I first came across Drive Your Plow Over the Bones of the Dead during a work shift at the independent bookstore I worked in while studying in Dublin. The title, taken from the work of William Blake, made my eyes rest with intrigue on the blue paperback cover. Several months later I finally got around to reading it. I finished it in a matter of days and was left with sensations of unease, pleasure and the realisation of having discovered a new favourite author.
Drive Your Plow Over the Bones of the Dead is the translated novel of Polish Nobel Prize in Literature winner Olga Tokarczuk. It can be described as a philosophical noir eco-thriller, and is set on a mountainous plateau in Poland, bordering the Czech Republic. Its protagonist is Janina, although she hates being called by her given name, a woman in her sixties who lives year-round in a cottage on the plateau. She is a hobby astrologist who enjoys translating the works of Blake.
The plot sucks us into plateau life, which is disrupted by the ominous murders of several members of a hunting club. Our heroine Janina is certain that these killings have been conducted by animals, as revenge for the brutal murders of their own kind by these hunters.
In the current world climate, gripped by the fear and uncertainty brought on by Covid-19, Drive Your Plow makes for a timely read. It echoes the current anxieties that many of us are feeling now; an unease with how separate we have become from the natural world and the consequences this has for us and the planet’s health. Several scientists are currently speaking out about how a pandemic such as Covid-19 could be a result of the planet’s overbearing meat and poultry industry. In Drive Your Plow it is clear from the start that the protagonist sees a world around her which she means has lost touch with the natural environment. A world where us humans have placed ourselves at the top of the pedestal, regarding ourselves as the only living creatures with souls, and therefore the only creatures whose lives are sacred. The protagonist regards this disconnection between humans and other living beings with discontent and fear. “Is this nightmare really happening? This mass killing, cruel, impassive, automatic, without any pangs of conscience, without the slightest pause for thought…” says the protagonist when airing her opinions on the way humans are currently relating to the animals they slaughter and eat.
From reading the above, one can easily be misled to assume this is some sort of eco-fascist, hippie, vegan-pusher book. But to the sceptic I would like to say this book avoids all clichés when it comes to the themes it engages with. This is thanks to Tokarczyk’s acute intelligence, storytelling abilities and knowledge of the human mind. With a background in psychology, Tokarczyk is well equipped to create fully formed characters. The traces of her former occupation as a psychologist are scattered throughout the book, much like the frequent occurrence of animal footprints in the snow in the story. Tokarczuk knows the human mind, the way it can leap from one subject to another. This is demonstrated through the protagonist’s thought process as she reflects on everything from humans’ place in the world, animal rights, the soul, good and evil, fate and the joys of a well-made mustard soup. Every character in the book is equally peculiar in their own way, and also believable, real.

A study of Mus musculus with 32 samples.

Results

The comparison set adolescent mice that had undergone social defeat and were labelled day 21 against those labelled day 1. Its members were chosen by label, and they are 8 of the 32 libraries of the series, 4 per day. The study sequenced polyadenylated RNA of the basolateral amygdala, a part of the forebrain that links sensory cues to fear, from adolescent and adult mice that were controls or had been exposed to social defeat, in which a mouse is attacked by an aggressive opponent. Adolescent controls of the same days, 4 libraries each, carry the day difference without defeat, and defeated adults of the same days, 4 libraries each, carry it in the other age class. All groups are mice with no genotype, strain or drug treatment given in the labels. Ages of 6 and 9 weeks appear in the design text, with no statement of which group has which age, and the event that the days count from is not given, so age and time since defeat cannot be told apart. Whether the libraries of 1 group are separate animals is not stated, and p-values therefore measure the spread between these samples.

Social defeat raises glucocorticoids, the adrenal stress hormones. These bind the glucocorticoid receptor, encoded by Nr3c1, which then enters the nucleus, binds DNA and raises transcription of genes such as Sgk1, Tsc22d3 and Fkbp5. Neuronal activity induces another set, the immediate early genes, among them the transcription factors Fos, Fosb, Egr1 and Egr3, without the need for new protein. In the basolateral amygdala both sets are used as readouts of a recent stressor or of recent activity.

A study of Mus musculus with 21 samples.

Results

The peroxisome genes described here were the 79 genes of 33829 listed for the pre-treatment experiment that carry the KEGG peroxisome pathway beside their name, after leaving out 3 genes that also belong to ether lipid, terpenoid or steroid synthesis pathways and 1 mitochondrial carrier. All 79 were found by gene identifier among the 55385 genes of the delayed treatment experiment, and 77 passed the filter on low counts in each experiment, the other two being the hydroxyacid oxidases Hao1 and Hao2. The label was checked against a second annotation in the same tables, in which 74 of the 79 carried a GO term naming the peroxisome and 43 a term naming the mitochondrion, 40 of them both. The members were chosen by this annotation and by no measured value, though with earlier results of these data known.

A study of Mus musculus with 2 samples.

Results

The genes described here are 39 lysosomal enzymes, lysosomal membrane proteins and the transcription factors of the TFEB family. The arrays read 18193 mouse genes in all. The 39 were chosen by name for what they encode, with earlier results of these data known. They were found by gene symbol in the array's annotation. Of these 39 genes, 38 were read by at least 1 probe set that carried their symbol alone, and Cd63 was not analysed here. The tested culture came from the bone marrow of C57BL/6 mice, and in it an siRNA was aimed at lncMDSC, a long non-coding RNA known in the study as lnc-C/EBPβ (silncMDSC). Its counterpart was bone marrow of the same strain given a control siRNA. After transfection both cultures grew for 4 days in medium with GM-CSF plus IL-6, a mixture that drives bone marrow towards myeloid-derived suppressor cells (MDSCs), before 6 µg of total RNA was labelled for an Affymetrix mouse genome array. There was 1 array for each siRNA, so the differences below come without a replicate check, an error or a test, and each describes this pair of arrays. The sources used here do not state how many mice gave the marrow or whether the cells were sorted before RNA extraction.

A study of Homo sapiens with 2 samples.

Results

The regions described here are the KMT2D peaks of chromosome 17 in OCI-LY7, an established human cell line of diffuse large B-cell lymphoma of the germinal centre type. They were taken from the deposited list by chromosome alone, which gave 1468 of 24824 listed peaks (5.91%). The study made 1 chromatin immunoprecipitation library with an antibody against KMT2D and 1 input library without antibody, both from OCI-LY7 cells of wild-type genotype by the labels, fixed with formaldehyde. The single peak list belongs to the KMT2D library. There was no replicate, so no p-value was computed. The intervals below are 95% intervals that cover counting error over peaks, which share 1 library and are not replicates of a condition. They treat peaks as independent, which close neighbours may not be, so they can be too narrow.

The protagonist is an unlikely heroine in many ways, an elderly woman with no husband or children, living on her own in a remote environment. She is aware of the fact that most people, particularly the authorities, see her as a batty, old mad-woman. She acknowledges that she lives in a world that does not accept her and her worldviews. Yet, she reflects on what it means to be a being of apparent insignificance. “But why should we have to be useful and for what reason?” The protagonist says. “A large tree, crooked and full of holes, survives for centuries without being cut down, because nothing could possibly be made of it. This example should raise the spirits of people like us.”
In this philosophical, eco-thriller, Tokarczuk challenges humans’ positioning in the world, while simultaneously engaging with the most intimate aspects of what it means to be human. This storywill take you by the hand and lead you into a world where the eccentric becomes the ordinary, where the landscape is bleak, melancholy and trembling with life, and where animals are suspected of murder. Drive Your Plow is the first work of Tokarczuk that I have read, but it will certainly not be the last. I have found a writer who has the sorcerer-like ability to pull me into her world. I dare you to read her, and not feel somehow changed.
 “Is factory farming to blame for coronavirus?”, Spinney, 2020, The Guardian, https://www.theguardian.com/world/2020/mar/28/is-factory-farming-to-blame-for-coronavirus
 “Drive Your Plow Over the Bones of the Dead”, Tokarczuk, p.112, 2018.
 “Drive Your Plow Over the Bones of the Dead”, Tokarczuk, p.243-244, 2018.